A renaissance-hunting scene opens Trevor Nunn’s 1985 film, Lady Jane. Amongst the white clad riders is Frances, mother of the future Nine Day’s Queen. When the doe is brought to bay, Frances dismounts. Soon a river of blood will run on the snow. The scene captures her historical reputation as a destroyer of innocents and foreshadows Jane’s fate. But history has traduced Frances and buried the real life of Lady Jane Grey.
Frances was Henry VIII’s niece and the wife of Harry Grey, Marques of Dorset. Under the terms of the late King’s will her daughters followed Mary and Elizabeth Tudor, half sisters of Henry’s son, Edward VI, in line to the throne. But it was expected that young Edward would one day marry. Harry Grey pursued the hope that it would be to the eldest Grey girl, Jane. It is Frances, nevertheless, who is credited with being the dominant force in the family, and one whose ambition would destroy Jane. She was, one historian tells us, ‘greedy for power and riches’, ruling ‘her husband and daughters tyrannically and, in the case of the latter, often cruelly’.
The accusations of child abuse originate in the same story that fuelled later claims that Frances was a bloodthirsty huntress. Over a decade after Jane had died the academic, Roger Ascham, described finding the thirteen-year old prodigy reading Plato in Greek, while the rest of the household was out hunting. Hunting was then considered a noble and practical pursuit, supplying a house with food and skins. There was nothing exceptional in Frances being amongst them. More damning is that Ascham also recalled Jane explaining that she loved to study because lessons with her kindly tutor were a respite from ‘sharp, severe parents’. Ascham was, however, writing to an agenda: his desire to overturn harsh contemporary teaching methods and to boost the claims to the throne of Jane’s younger sister, Katherine. At the time he met Jane he had commented only on her parents’ pride in her work, and the ‘kindly’ tutor was busy expressing a desire to ‘bridle’ a spirited teenager.
Tales of Frances’s exceptional cruelty don’t bear close examination. But what of the further accusation that she drove Jane to her death through greed and ambition?
By the summer of 1553, when Jane was sixteen, it was evident Edward VI was dying. Anxious that his Catholic half sister, Mary Tudor, should not undo his religious reforms, he had written a will excluding his sisters from the succession on grounds of their illegitimacy (the marriages of their mothers to his father having been annulled). In their place he named the passionately Protestant Jane. That Jane was now to be a Queen regnant was not an outcome that Frances had sought. Her own claim to the throne was superior to her daughter’s under the usual rules of inheritance. Frances was, rather, obliged to accept the King’s decision: one likely inspired by Edward’s judgement that Jane was more likely than she to produce a male heir.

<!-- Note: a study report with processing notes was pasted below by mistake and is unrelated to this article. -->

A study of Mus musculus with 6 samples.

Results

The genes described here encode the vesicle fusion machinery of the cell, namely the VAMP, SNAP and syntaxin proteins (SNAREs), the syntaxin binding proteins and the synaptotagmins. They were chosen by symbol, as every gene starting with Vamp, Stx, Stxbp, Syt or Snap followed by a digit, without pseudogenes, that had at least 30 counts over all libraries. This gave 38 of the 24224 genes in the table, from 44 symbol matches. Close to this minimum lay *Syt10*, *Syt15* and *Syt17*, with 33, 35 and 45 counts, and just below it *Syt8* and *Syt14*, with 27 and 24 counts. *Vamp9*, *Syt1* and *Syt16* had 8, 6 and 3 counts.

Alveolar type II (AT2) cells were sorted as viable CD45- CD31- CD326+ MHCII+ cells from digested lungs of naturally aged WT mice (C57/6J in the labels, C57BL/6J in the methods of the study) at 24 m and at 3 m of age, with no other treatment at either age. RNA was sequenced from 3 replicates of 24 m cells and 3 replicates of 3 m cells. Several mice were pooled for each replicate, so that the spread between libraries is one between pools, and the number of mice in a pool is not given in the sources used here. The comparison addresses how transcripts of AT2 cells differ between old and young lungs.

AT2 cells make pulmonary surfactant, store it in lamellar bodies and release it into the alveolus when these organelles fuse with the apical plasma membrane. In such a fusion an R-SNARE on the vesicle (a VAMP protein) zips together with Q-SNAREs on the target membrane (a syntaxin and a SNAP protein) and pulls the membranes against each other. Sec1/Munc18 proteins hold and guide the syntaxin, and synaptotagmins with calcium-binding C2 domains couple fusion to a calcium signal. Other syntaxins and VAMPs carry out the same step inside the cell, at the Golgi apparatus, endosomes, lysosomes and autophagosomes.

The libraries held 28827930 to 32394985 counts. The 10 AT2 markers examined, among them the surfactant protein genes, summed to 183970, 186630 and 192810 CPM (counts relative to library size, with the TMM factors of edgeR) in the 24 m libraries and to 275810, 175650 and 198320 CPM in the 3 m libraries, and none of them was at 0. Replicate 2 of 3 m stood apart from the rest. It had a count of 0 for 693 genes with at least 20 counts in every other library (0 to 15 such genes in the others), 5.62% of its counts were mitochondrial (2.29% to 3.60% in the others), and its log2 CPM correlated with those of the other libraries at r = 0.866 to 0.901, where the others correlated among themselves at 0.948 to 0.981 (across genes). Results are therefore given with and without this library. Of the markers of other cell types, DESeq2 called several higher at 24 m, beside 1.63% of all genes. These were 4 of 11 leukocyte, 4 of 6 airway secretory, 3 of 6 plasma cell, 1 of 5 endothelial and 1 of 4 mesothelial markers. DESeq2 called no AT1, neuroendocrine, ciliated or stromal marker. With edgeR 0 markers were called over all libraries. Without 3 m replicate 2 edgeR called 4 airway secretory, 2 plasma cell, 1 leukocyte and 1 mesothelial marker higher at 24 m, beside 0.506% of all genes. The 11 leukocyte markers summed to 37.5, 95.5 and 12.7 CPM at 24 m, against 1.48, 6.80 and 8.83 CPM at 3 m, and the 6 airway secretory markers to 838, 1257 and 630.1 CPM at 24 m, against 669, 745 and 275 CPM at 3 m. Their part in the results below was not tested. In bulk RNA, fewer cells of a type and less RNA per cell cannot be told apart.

As a mark of submission Frances carried her daughter’s train in the procession to the Tower, where Jane was proclaimed Queen on July 10th 1553. The additional and famous description of Jane, tiny, red-haired, and smiling, said to have been written by a contemporary witness, is, I discovered, a twentieth century fraud.
Frances remained with her daughter while a determined Jane raised an army to fight for her throne against Mary Tudor. And, when Jane was overthrown nine days later, it was Frances who rode all night to see Mary and beg for the lives of her family. It was through no fault of her own that Frances’s efforts came to nothing. Jane continued to attack Mary’s religious policies even while a prisoner. And when Harry Grey took part in a failed revolt against Mary in January 1554, Jane was judged a continuing threat.
On the scaffold, aware that the Protestant cause was being tainted by treason, Jane’s last speech reminded people that while she was guilty in law, she had accepted the crown she was bequeathed and was innocent of having sought it. She was beheaded on February 12th dying, it was said, ‘with more than manly courage’. Religious propagandists later developed Jane’s clams to innocence and over the centuries the girl who had held all the power of a Tudor monarch, became an icon of female helplessness. The sado-masochistic dimension to this is evident in Paul Delaroche’s 1833 historical portrait, ‘The Execution of Lady Jane Grey’, now at the centre of a major exhibition at the National Gallery. Jane dressed in white, feeling blindly for the block, has all the erotic overtones of a virgin sacrifice.
Frances, meanwhile, was re-invented as Jane’s alter ego: powerful, ruthless, and sexually predatory. A double portrait of Lady Dacre and her son by Hans Eworth was, from 1727, said to depict Frances and a twenty one year old boy she married within weeks of her husband’s execution. In fact Frances married the middle-aged Adrian Stokes a year later. The revelation of the true identity of the Eworth sitters, in the 1980s, has not prevented Jane’s biographers from continuing to use the image of Lady Dacre to claim a resemblance between Frances and Henry VIII.
This urge to associate powerful women with masculine characteristics is an ancient one, and has fuelled the caricature of Frances the bloodthirsty huntress. Unlike reading, bridling a galloping horse does not well reflect the passive, gentle nature traditionally expected of women. The good girl is always the doe. The wicked woman holds the reins. That is the moral of the spun history of Lady Jane Grey and her mother. Strange we remain so willing to accept it.